I’m not sure that I’m the right person to answer this question.
I mean, look at how the first part of the question focuses on how technology allows “closer critique and analysis of sound.” Yes, sometimes we do need that kind of “closer critique,” as proven by the other posts on this page. (Voice and gender in videogames, analyzed visually with digital tools!? Droumeva, you’re amazing.)
But if I’m honest, I find myself wanting to question the question. I keep saying, “I value sound more for its effects on my body and mind than for what I can learn by analyzing it.” I like the second half of the question, with that beautifully messy word relationships, more than the first.
What’s my problem? I’m thinking of Steph Ceraso’s point that “alongside and in addition to semiotic approaches to multimodality, it is necessary to address the affective and embodied, lived experience of multimodality in more explicit ways” (104).
And I’m thinking of Steven B. Katz, whose book The Epistemic Music of Rhetoric argues for “a phonocentric rather than a logocentric theory of response,” which develops “aural, temporal modes of experiencing and reasoning” (2).
And this, from David Burrows: “Musical significance doesn't depend, as verbal does, on a lexicon of referents. . . . The fact remains that living the sound itself, in all its sectors and over all its time spans, is the root of its musical meaning” (89).
Putting those together: I don’t know how much I want to analyze sound, using technology or not. Or at least, I never want to analyze it in a way that erases Ceraso’s and Katz’s phonocentric theories, where “experiencing” is at least as important as “reasoning.” I never want to analyze sound in a way that erases what Burrows calls “the root of its musical meaning”--that is, “living the sound itself.” I don’t want to try to understand something I’ve never let myself feel.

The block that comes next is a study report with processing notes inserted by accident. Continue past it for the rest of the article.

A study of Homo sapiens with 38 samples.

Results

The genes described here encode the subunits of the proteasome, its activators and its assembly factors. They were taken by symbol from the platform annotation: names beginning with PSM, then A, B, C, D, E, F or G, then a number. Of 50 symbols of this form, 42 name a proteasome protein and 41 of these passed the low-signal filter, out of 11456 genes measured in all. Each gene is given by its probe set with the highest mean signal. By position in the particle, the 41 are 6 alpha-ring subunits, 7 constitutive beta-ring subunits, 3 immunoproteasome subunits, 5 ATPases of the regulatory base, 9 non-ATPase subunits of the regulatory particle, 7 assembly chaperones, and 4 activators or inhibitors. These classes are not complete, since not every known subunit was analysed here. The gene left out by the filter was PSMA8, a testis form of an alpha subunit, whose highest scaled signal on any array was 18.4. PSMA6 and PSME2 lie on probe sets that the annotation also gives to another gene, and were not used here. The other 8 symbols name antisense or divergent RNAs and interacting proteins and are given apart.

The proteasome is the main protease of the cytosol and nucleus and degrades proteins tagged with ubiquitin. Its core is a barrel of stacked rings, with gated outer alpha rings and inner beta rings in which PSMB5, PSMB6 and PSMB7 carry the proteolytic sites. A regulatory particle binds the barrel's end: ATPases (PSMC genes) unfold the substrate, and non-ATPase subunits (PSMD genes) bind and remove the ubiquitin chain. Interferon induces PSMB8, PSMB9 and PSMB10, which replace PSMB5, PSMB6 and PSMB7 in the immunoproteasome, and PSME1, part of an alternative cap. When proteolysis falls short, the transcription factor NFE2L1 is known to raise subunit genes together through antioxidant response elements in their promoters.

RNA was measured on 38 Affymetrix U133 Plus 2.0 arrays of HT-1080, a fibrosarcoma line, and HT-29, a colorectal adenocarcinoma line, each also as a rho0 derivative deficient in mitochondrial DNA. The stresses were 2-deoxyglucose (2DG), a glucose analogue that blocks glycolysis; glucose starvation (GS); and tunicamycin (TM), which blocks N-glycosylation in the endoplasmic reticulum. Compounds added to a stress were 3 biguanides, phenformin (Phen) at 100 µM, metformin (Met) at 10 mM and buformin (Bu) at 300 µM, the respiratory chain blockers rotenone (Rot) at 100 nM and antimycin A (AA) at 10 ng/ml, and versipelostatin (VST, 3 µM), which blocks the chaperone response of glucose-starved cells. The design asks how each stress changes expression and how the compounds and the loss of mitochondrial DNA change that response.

I know, I know. Analysis and experience often go together--maybe especially often when we’re studying sound and music. And I know that sometimes my experiences of sounds are heightened when I’ve taken the time to understand what I’m hearing. Tom Goldberg makes this point about understanding and experiencing Haydn’s music when he writes, “The pleasure taken in following (or anticipating) a pattern, in catching an allusion, or in associating a present experience with past experiences may be an emotional response, but it rests upon the informed--that is, intellectual--response that makes them possible. Art yields more of its secrets to the knowledgeable ear than to the ignorant one" (55). Yep. Sure. I’ve felt that. I’ve thought that.
And yet. Don’t some of us scholars overemphasize the analysis? Don’t we write words about sound (like those four printed pieces about sound I just quoted, but also here, look at this page, which you’re experiencing on a screen, a screen with multimedia capabilities built in, your browser is literally built for this stuff)--don’t we write about it and sometimes maybe often forget to let the power of sound affect us, slam into our bodies, tickle the hairs in our ears, remind us of everything we’ve ever loved?
That’s why I’m perhaps not the right person to answer the question. Not because it’s a bad question, but because I’m worried about my own writing over the years, how at times I’ve overemphasized the analytical over the embodied and the affective. Increasingly, I’d rather create experiences for people (like a DJ) than explain their experiences to them (like a lecturer). But here I am, another person arguing in print about the importance of sound, like Plato furiously scribbling his frustrations about writing, in writing, ignoring the drumbeats and the echoing declamations that were surely not too far from his open window.
Burrows, David. Sound, Speech, and Music. U of Massachusetts P, 1990.
Ceraso, Steph. “(Re)Educating the Senses: Multimodal Listening, Bodily Learning, and the Composition of Sonic Experience.” College English, vol 77, no. 2, 2014, pp. 102-23.
Goldberg, Sander M. “Performing Theory: Variations on a Theme by Quintilian.” Haydn and the Performance of Rhetoric, edited by Tom Beghin and Sander M. Goldberg, U of Chicago P, 2007, pp. 39-60.
Katz, Steven B. The Epistemic Music of Rhetoric: Toward the Temporal Dimension of Affect in Reader Response and Writing. Southern Illinois UP, 1996.